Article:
First, the court system has come down very hard on people who choose to use a dog in lieu of recommended medications from their doctor. So I would highly recommend that you and your mom make an appointment to go speak with your primary doctor and discuss options. There are a lot of new medications out there and you would need documentation on your medical records that you have been working with your doctor <u>and</u> that there has not been any that are successful in helping your medical disability. Your mom, you, and your doctor should be looking into all available options for you as you need to work together as a team.

A doctor as such can not write a prescription for an assistance dog but along with what they write in your medical files and if you meet the requirements of disability per the ADA then you would be considered a PWD who would be eligible for a service dog.

You would then need to decide what the dog would do for you that medication can not. Making you feel good is not a task -- that is more in line of what any pet dog does for the majority of owners. Taking a dog into public to use as an excuse to leave is not a trained task as someone could go into the public with any pet dog and say they needed to leave to care for their dog.

But, and here is another but, if you have worked with your doctor and the best medicine for your treatment (or possibly the only medicine that works) <u>also has side effects </u>that make it difficult for you to walk or put you in danger of passing out -- then those are good reasons to have a service dog.

Say if on the only medication that was found to help your condition you would often find yourself falling, then a trained mobility dog who would not only help you regain your balance, but would also assist you up from the floor, would help pull you up stairs, or would help you from topling down steps, picked up dropped items that you would be unable to lean over for, went and got help for you if you had collapsed somewhere and unable to summon help, then these are trained tasks that would make the dog a service dog.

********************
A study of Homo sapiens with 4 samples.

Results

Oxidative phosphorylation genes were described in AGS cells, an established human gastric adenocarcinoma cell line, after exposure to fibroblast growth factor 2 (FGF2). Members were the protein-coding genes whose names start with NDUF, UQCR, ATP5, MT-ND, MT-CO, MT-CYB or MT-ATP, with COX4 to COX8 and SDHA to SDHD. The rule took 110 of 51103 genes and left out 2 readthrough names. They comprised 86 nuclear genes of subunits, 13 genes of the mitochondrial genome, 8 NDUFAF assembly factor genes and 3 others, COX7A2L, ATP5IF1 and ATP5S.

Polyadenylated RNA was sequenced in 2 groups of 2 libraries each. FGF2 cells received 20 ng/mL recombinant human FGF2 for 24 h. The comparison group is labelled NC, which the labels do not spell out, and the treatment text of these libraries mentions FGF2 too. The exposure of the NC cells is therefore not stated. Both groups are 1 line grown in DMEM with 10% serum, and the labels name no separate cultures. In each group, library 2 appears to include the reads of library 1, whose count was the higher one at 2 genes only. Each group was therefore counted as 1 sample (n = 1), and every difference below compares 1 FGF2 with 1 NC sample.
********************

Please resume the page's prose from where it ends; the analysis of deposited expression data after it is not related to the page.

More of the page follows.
If on the proper medication you were still unable to leave your home, go to doctor's appointments, or other needed outings, then you would need be able to show what it is that your dog does that allows you to go out. Some people can not leave their home only because they can not re-enter an empty building. Then their dog is trained to either go search the house (while the handler waits outside) for an intruder and report back that all is well inside or the handler may enter with the dog and relies on the dog to alert to the precense that there is someone inside so that they may quickly leave or in the vast majority of cases, no alert means no one is present. These dogs are then usually taught to turn lights on inside if it is nighttime on return.

In choosing a task for your dog to do you never want to go to what we call a shopping list. It is not like you say I want a task from column A and let's see two from column B. Those lists are only there to show what some people have their dog trained to do. You must sit down and decide exactly it is that you need the dog to be taught to do for you.

I hope I didn't discourage you but I wanted to let you know of some of the steps that would be need to be taken. So again, step one is to have a meeting with your doctor and talk to him/her about your treatment plan.

I'm also going to send you some info via PM. Please show this to your mom as since you are still a minor she will need to be part of your support team.